Large public transport enterprises spending well above the industry average


Large public transport enterprises spending well above the industry average

Computer Weekly Staff

Business Focus is a regular column providing at-a-glance statistics and commentary on spending priorities and trends in particular sectors. This week we look at inland transport.

The government defines inland public transport organisations as those without sea or air services.

Perhaps surprisingly, inland public transport companies spend more on IT per desktop than any other companies in this industry.

Large enterprises in the sector spend well beyond the UK cross-industry average of £8,455. At £13,204 per desktop, costs outstrip even the £10,071 spent by their sea and air transport counterparts.

Big changes in inland public transport requirements underpin this high level of investment, with the UK's public transport system continuing to creak under the strain of historical under-investment.

Although privatisation has improved some services, operational efficiency remains a major consideration for many inland transportation companies still running ageing legacy and bespoke IT systems. And cost is still a big issue for many, though IT renewal and consolidation strategies are helping to reduce operating costs.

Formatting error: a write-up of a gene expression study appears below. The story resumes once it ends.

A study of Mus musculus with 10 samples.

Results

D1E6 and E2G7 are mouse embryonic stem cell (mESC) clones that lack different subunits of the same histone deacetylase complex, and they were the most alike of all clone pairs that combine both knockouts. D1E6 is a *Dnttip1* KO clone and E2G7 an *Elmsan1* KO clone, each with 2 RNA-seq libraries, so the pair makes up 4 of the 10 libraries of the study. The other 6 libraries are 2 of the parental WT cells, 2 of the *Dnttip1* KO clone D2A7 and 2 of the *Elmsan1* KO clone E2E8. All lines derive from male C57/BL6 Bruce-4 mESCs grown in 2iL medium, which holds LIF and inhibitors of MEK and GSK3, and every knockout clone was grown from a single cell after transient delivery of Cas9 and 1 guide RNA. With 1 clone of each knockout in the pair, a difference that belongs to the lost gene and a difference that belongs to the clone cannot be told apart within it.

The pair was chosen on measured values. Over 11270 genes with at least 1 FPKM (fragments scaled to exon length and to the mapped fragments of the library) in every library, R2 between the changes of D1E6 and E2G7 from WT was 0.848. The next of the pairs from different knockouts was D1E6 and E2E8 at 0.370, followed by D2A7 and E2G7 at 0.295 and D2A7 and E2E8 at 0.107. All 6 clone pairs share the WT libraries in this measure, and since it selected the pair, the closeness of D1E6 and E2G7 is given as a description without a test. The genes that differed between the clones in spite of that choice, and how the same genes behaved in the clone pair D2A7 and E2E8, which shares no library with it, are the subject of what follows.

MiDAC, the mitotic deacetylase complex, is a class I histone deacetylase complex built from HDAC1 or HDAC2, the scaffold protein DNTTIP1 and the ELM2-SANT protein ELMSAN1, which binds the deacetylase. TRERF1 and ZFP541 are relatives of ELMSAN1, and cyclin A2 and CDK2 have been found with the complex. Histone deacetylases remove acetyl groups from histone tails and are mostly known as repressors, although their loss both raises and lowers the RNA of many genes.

International public transport company FirstGroup is one firm in the sector in the midst of a five-year transformation project.

FirstGroup chief information officer Darin Brumby said he expects savings of £5m in the current financial year, following a platform consolidation programme and other related IT-enabled projects. In May, the group began the process of consolidating 191 IT systems down to fewer than 40.

The publication of a government-sponsored report by Rod Eddington on UK transport's role in sustaining the nation's productivity is also likely to push IT spending across the board.


The analysis is based on Computer Weekly's database of more than 60,000 IT budget holders, twice yearly user IT expenditure surveys, CBI/Kew senior executive surveys, government surveys, government demographic data, HM Treasury economic forecasts and Cambridge Econometrics industry sector forecasts.